25 May An electronics company in Derby has developed a new device for measuring tool vibration risk that, unlike other devices on the market attaches to the tool rather than the arm or wrist.

Havspro is the yellow box stuck next to the handle to measure vibration
Havspro is the yellow box stuck next to the handle to measure vibration

Sixis Technology, part of the Simpatica Group, says that attaching to monitoring device to the tool gives a more accurate reading.

The risk of hand arm vibration syndrome (HAVS) and whole-body vibration (WBV) are by now well known by most employers of people expected to use vibrating power tools for long periods. HAVS meters are a new family of devices that warn tool users that they have been exposed to vibrations, and the risk of HAVS, for long enough and should take a break from the tool.

Havspro – designed, developed and manufactured in-house in the UK – is described by the manufacturer as “a game changer” in the field, providing consistent accuracy whatever the tool, whatever the job, by measuring the vibration on the tool itself. 

As with other devices, employees get alerts into their exposure action value (EAV) and exposure limit value (ELV) to keep them protected, and data is gathered and collated on a  cloud-based reporting platform.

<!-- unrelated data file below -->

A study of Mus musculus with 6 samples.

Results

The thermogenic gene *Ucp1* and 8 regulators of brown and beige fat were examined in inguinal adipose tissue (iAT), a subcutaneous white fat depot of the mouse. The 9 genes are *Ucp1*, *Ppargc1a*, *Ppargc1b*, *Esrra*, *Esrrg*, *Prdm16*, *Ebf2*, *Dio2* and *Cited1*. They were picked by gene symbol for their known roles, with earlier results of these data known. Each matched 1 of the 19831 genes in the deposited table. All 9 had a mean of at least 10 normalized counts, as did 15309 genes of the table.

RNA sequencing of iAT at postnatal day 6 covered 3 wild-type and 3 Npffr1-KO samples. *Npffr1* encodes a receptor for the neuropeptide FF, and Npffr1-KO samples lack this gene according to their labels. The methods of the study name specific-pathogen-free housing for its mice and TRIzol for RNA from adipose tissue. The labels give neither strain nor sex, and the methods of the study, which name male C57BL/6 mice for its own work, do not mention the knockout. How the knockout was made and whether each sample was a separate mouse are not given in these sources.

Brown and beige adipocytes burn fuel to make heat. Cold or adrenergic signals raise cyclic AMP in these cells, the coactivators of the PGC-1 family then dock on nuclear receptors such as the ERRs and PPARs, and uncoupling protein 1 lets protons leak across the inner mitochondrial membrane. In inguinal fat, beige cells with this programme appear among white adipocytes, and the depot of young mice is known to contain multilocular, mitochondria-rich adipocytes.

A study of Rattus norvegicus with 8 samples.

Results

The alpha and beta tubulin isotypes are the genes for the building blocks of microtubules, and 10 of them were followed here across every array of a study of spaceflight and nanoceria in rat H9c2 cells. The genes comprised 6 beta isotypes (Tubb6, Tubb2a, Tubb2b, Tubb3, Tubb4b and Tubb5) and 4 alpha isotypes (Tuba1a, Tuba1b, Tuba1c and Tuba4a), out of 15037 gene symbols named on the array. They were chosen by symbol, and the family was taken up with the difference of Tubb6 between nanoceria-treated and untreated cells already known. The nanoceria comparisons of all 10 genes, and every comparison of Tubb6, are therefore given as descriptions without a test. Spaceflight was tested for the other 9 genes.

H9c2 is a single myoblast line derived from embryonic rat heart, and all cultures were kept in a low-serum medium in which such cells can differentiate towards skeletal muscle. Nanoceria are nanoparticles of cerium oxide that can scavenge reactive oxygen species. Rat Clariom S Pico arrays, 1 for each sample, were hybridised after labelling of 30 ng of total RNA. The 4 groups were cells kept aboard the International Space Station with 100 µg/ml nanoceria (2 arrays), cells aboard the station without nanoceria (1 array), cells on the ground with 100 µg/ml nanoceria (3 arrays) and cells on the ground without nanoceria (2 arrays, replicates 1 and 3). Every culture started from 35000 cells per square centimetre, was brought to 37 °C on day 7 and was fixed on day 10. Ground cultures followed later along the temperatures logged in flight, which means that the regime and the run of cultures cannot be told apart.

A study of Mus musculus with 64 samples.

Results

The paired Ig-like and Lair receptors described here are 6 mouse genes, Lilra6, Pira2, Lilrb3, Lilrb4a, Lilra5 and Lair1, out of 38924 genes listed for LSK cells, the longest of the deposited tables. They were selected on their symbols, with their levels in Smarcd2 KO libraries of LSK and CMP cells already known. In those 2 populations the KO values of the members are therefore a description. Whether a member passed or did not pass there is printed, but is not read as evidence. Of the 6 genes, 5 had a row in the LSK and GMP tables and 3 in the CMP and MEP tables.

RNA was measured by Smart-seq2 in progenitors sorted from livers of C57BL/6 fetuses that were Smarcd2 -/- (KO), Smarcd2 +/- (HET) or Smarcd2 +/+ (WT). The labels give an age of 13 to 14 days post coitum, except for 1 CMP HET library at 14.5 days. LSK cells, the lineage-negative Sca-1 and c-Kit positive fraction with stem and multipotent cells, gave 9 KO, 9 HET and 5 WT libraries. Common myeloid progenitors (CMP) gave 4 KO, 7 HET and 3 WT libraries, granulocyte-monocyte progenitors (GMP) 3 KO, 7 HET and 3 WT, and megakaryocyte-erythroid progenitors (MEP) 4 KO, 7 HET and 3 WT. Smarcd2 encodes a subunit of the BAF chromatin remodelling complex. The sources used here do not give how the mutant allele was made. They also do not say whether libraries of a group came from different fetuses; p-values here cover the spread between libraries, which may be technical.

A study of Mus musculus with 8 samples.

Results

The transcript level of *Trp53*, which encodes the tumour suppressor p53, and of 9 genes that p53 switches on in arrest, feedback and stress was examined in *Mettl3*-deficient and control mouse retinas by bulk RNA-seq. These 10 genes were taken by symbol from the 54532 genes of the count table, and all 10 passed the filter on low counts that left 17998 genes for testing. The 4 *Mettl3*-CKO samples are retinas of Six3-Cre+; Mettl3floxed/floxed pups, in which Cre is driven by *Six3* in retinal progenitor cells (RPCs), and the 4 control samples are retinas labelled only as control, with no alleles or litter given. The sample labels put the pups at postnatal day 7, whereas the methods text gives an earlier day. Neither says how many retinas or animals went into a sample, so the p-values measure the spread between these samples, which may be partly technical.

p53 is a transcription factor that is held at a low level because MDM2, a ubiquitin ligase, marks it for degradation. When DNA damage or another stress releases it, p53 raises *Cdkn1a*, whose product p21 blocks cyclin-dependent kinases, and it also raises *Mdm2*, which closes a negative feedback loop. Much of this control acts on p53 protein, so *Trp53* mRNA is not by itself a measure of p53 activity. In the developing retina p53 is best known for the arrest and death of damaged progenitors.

Each operator is allocated their own sensor, programmed to that individual and their specific values. Each tool has a holster bonded onto the tool in line with BS 5349 and BS8041. The operator picks their own personal tool, clicks their sensor onto the holster and gets to work; their points are sent to the cloud-based reporting platform.

“Too many solutions on the market rely on estimates derived from manufacturer testing and average vibration levels,” said Russ Langthorne, managing director of Havspro. “These don’t take account of variations in vibration based on the specific job being done, the condition of the tool, or how the operator is using it.”